Writing a Celtic related book these days is a rather difficult process. As Celtic fans we are very fortunate to enjoy a high standard of author. Pat Woods, Tom Campbell and David Potter started of a fine lineage which has been carried on in more recent times by such writers as Paul Dykes and Stephen Sullivan.

One difficulty any author faces is trying to find a niche in the market. Any major event, notable player or memorable match has surely now been covered in considerable detail by one of the above mentioned scribes.

However, Derek Niven has penned a quirky Celtic book which is worthy of discussion. Derek’s book is called ‘Pride of the Lions’ and at first glance you may think that it’s another book about Lisbon 1967. The European Cup final victory  is Celtic’s greatest achievement but there is not much that we have not already been told about Lisbon, thanks to several marvellous books which note those events in considerable detail.

Derek’s book takes a rather different slant. It looks at the genealogy of all 16 players who played a part in the European Cup campaign in 1966-67. Anyone on Twitter may have read Michael Kelly’s ramblings (yes, that Michael Kelly) about the Lisbon Lions being eleven men only. Michael should take note that all 16 players from that European campaign are most deserving of credit and should be remembered as such.

This book is the Lisbon Lions version of the TV show ‘Who do you think you are?’ Derek has researched the family tree of each player in full and details their lineage from parents to grandparents and sometimes even great grandparents. At first sight this may sound a bit dull to some of you reading this but it’s written in an interesting fashion and he does well to describe the events of the times to put things into context and make interesting reading. Life would have been very difficult for everyone back in the late 19th century, into the 20th, and he does well to catalogue this.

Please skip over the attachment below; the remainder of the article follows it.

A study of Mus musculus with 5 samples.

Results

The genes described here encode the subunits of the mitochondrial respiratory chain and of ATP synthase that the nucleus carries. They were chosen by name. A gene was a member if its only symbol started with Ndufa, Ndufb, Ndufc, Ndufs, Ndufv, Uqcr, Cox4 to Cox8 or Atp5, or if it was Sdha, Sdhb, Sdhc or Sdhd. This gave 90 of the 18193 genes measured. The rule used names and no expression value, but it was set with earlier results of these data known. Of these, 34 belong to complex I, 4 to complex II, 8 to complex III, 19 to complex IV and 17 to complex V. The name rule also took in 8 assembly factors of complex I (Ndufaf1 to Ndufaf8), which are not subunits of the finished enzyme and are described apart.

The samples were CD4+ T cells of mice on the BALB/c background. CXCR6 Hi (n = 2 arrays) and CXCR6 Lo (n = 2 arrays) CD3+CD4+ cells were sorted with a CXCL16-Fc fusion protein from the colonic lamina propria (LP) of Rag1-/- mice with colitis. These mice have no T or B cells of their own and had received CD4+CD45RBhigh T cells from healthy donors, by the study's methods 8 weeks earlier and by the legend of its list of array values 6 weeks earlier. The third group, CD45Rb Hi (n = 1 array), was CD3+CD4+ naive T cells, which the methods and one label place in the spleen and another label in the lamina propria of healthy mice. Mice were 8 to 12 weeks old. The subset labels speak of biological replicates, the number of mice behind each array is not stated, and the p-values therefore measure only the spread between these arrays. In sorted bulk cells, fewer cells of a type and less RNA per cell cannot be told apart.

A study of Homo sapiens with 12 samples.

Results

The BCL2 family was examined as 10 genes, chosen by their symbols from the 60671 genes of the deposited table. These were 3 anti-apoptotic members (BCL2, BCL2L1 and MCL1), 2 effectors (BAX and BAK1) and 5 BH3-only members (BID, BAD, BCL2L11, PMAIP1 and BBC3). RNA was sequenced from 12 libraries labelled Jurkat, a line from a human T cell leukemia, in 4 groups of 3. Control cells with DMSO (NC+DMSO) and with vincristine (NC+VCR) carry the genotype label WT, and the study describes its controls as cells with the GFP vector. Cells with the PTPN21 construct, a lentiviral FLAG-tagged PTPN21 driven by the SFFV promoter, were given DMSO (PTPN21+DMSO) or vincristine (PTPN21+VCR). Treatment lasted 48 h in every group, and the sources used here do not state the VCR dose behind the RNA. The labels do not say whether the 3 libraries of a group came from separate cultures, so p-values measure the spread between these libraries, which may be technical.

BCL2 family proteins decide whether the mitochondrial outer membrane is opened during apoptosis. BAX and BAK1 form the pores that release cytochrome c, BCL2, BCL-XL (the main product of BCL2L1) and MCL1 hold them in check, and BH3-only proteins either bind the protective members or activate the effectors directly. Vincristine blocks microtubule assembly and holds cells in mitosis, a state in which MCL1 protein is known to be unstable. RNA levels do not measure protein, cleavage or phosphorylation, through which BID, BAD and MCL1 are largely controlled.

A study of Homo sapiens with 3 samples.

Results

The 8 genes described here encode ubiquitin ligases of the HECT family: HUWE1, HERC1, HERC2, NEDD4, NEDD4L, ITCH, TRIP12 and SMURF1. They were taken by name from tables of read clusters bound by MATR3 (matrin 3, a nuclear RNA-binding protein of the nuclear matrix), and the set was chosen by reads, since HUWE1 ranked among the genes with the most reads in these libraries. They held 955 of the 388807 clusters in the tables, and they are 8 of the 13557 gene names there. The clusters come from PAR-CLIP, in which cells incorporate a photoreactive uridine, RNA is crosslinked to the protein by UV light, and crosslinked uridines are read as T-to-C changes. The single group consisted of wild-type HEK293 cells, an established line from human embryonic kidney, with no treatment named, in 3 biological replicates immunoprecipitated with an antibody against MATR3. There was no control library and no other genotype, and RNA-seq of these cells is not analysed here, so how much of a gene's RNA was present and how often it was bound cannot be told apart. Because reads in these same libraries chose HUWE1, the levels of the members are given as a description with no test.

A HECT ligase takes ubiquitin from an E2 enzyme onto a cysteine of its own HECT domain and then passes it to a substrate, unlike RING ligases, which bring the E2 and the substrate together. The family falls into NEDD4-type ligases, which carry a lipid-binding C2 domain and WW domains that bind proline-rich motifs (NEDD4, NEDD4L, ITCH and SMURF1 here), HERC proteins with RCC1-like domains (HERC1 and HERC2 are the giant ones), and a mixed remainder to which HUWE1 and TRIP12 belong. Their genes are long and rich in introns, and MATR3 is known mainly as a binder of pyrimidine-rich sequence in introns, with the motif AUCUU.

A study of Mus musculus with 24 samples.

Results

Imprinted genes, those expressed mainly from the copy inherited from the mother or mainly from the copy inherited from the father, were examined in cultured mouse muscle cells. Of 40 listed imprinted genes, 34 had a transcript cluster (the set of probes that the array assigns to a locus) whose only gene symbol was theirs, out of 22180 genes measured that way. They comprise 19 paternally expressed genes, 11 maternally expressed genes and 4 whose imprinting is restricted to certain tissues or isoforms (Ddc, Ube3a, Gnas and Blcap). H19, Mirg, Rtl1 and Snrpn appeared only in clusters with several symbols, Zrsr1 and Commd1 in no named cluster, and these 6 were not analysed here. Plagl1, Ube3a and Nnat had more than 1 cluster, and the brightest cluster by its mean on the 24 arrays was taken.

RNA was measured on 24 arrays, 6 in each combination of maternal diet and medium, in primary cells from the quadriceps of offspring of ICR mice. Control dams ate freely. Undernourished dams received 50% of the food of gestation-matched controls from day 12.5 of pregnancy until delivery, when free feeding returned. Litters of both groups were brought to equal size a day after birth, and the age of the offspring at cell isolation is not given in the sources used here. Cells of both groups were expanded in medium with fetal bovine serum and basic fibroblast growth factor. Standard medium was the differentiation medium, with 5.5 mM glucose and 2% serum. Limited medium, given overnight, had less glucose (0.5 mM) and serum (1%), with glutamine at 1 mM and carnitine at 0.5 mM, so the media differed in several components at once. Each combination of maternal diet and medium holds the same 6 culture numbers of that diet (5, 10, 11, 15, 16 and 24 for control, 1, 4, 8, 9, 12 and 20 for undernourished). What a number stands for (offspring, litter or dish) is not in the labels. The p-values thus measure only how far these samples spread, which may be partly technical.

On a personal level, I am a proud born and bred Govanite and I knew of the links that Jim Craig and Joe McBride had with that fine area by the river Clyde. Jim Craig’s maternal grandparents were married in St Anthony’s church in Govan in 1909 which, in those days due to huge population, was one of the biggest Catholic parishes in Glasgow. They were married by Father McBrearty and as a schoolboy I can well remember the large plaque in the church which is dedicated to the good Father, who by all accounts was a remarkable man.

Younger Celtic fans may find of interest the great Ronnie Simpson’s father was a notable captain of Rangers and there was a certain irony that his son should go on to become a legendary Celtic player. Also, Billy McNeill’s maternal grandparents were Lithuanian and came to Scotland in the early 20th century which is of particular interest and worth reading up on.

Derek is understandably proud of the research he has committed to, in order to have this book published. It know it was his intention to give a copy to each of the Lions and their surviving families and I hope he has now been able to achieve this.

Dereks book is reasonably priced. With Christmas now fast approaching, if you know anyone who remembers the Lisbon era then this book would be a great wee stocking filler for them and will be sure to create discussion amongst those who read it.

Follow Derek on @derekniven67 for more details.